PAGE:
Did I just suck at marketing or did I pick the wrong problem?

My startup is a consumer web app – the kind that’s free and needs to get millions of users to be a success. I built it to address a personal pain point, opened it to users and they love it. But, here’s the thing: it’s not growing. The biggest reason though perhaps is I focused on building on the best product out there and didn’t think much about marketing. And, the common adage, “build it and they’ll come” couldn’t be more wrong. But, same time, lots of other startups have tried addressing the same problem and every single one of them has failed. Previously, I thought that was because their solutions suck but, now I wonder if I was wrong, if there just aren’t enough people interested in this? How do I know for sure? What numbers/data should I look for? Any ideas?

The few (hundred) users that I have, love it and are hooked to it. But, I’m running out of cash so need to decide if I should kill it or somehow (not sure how though) find the money to keep it running.

  • Have you looked into employing the spammy growth hack strategies that apps like Path, Circle, Unrollme et al has employed to great success? Not that we need more of those kinds of shit but it appeared to work for them and it might for you.

      • Short term? Lets see.

        Unroll.me forces users to spam their twitter feed to use their app after a small test. They were basically dead for over two years. Once they turned on their hack, they’ve been growing like gangbusters. I think it has worked out very well for them.

        Flixster tricked users into entering their webmail credentials to “locate” friends who they can spread the word to. When (dumbass) users entered their login, automatically spammed EVERYONE in their address book. Sure they got a ton of flack in the press. But Flixster was an unknown website before the spam and post spam, they grew like a weed and WB bought them for 80M and rolled them into Rotten Tomatoes.

        And we all know how Airbnb spammed Craigslist.

        So no. Its not a short minded strategy. Its a shady and unethical strategy which a lot of well regarded startups employ (unofficially of course) but has worked out well – in the short AND long term.

  • First, talk to (individually) every single one of your users. Find out, who they are and why they love you. Afterwards you should have a pretty specific user profile. Then go out and find those exact type of users. If that means one by one then do it! Your users also have circles of friends that are like them. Figure out how to get them to spread the word for you. They are passionate about your app after all, right?

    • OP here. I have talked to lot of users (though not all). I do have a specific user profile. Except not sure how to find more such people sort of approaching people one by one. More importantly, am running out of cash so, want to get some data/ indication/sign that there does exist a large user base out there. Any ideas?

      • Consumer is a tough nut since by definition anyone is a potential user. If it was a business app, at least you can go to industry events and troll LinkedIn for potential customers.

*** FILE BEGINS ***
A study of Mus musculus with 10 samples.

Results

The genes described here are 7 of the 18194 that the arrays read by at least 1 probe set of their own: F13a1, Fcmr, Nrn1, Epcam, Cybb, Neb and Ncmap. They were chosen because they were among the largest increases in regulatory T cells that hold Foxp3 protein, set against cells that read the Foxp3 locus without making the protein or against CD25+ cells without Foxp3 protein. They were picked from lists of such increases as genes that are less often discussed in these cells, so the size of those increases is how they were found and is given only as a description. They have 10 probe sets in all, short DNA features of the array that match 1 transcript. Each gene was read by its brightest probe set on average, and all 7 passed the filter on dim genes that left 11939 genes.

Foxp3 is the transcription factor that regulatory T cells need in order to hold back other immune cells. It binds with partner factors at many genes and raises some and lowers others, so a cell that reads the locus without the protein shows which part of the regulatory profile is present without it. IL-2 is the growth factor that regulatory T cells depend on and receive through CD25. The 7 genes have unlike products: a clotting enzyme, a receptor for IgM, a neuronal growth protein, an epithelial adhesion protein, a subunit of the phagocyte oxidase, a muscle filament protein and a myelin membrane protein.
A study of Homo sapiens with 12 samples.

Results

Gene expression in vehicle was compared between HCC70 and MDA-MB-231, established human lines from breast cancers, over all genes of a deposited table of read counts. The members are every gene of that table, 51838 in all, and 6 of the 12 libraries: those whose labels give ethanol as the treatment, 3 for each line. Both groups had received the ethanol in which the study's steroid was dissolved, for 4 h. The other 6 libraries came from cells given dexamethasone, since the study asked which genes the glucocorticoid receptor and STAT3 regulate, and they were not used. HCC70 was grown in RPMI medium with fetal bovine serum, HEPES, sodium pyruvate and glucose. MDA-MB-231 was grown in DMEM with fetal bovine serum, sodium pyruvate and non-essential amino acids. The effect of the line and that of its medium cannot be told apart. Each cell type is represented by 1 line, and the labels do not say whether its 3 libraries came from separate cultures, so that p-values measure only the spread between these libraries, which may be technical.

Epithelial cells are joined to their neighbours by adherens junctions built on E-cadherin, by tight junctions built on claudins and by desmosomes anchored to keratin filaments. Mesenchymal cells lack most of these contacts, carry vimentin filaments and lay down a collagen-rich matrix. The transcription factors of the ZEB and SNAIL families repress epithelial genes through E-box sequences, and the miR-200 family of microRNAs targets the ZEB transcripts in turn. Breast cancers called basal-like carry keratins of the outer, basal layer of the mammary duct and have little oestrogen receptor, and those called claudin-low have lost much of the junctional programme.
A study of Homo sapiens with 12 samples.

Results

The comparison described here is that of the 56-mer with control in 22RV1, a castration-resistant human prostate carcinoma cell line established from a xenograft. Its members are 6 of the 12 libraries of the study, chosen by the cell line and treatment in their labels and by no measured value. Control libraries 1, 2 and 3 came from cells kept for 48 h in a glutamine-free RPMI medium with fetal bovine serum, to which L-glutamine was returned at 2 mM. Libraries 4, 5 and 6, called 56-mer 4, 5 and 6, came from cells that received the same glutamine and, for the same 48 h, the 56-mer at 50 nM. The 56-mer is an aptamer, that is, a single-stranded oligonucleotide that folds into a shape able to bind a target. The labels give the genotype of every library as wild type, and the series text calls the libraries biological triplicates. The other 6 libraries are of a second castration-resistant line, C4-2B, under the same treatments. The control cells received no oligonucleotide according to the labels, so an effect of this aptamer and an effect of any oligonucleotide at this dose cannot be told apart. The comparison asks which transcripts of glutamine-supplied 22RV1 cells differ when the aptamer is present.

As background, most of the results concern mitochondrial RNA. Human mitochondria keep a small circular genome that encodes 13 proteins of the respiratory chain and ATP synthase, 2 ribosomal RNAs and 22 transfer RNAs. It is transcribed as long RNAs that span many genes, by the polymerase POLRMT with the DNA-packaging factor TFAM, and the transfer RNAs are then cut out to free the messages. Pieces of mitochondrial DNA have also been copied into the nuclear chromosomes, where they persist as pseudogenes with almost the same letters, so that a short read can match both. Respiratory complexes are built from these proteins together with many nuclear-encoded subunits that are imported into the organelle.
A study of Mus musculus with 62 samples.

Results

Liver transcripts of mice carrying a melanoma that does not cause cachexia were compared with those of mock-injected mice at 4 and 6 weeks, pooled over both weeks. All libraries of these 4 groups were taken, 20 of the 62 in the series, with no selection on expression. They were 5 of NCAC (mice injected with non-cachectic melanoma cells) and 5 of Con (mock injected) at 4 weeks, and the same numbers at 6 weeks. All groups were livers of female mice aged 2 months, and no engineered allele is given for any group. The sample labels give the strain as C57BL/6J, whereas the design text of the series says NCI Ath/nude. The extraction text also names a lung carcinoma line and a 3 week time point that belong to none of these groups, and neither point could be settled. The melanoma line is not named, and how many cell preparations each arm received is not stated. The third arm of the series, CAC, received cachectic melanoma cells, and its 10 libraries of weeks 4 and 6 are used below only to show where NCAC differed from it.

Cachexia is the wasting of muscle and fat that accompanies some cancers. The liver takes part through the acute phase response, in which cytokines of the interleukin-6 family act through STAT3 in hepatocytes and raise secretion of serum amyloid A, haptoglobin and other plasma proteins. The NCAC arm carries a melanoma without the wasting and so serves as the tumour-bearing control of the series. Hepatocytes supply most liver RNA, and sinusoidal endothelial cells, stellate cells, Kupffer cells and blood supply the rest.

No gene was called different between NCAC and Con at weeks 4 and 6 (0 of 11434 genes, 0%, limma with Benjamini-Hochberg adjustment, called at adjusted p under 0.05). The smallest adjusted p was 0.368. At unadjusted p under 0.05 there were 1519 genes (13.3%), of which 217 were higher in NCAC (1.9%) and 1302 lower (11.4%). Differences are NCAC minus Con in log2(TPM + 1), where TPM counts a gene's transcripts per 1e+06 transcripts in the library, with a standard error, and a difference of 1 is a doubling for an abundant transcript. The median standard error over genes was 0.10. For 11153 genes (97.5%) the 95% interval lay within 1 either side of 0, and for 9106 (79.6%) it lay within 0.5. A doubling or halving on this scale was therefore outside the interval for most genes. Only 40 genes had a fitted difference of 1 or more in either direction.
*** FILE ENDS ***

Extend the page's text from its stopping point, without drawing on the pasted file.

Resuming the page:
If you’re really in dire straits and people really love you, you could do a last ditch hail mary. Send them all an email tell them you need to get more traction or you cannot afford to continue and ask them to reach out to friends on FB, Twitter, Email etc…

        Maybe even craft a short “pitch” they can use so they don’t have to think about it. i.e. “ZZ.com really solves my Z problem for me. You should give it a try if you’ve been looking for a solution!”.

  • I think the wall you are hitting is not related to your product (unless the market size is too small)

    So many people in tech underestimate the real value of good marketing and sales. It’s not a joke- it can be the difference between life and death for your company.

    I suggest consulting some marketing professionals and see what they can offer or get their opinion.

    • Might be the case but, I don’t have marketing co-founder/advisor and couldn’t afford to pay a consultant. And, given how much I’ve already put at stake (everything I had plus some more), I’m scared of hunting for more money before I get some validation that market exists and just marketing failure on my part.

      • Try and see if there are people willing to work for equity or trade. There are a lot of founders with great business skills that would be happy to exchange tech skills for marketing work if you have the bandwidth to take it on.

  • Reach out to your local Universities Marketing and MBA programs. Real life use cases beat hypotheticals any day, and in you can also meet talented students without having to give up cash or equity right away, who may also make great hires after you get traction.

  • Did they have a reason to return? Was it a one trick poney, where if you got it already you don’t need it again?

    U must focus on your customers needs, especially having something new to offer and keep their expectations of your site high. A good idea is to have something which is a cheaper item but a definite sale, just to tide u until great new products/services arrive. keep ur customer transaction rate high as possible, even with frivolous low cost/price items. Sometime u must just break-even to ensure your customer takes a bite.

    If I went a clothes shop last week and bought something and went back the following week looking to be excited again by something new but everything was the same, I wouldn’t bother walking in. Also, my threshold for expecting more from u would also have taken a dive and I wouldn’t go out of my way to go back again in the future.

  • Maybe if you did things that weren’t anonymous?

    Not to be an asshat here, but your marketing probably isn’t great, since you’re asking about it anonymously.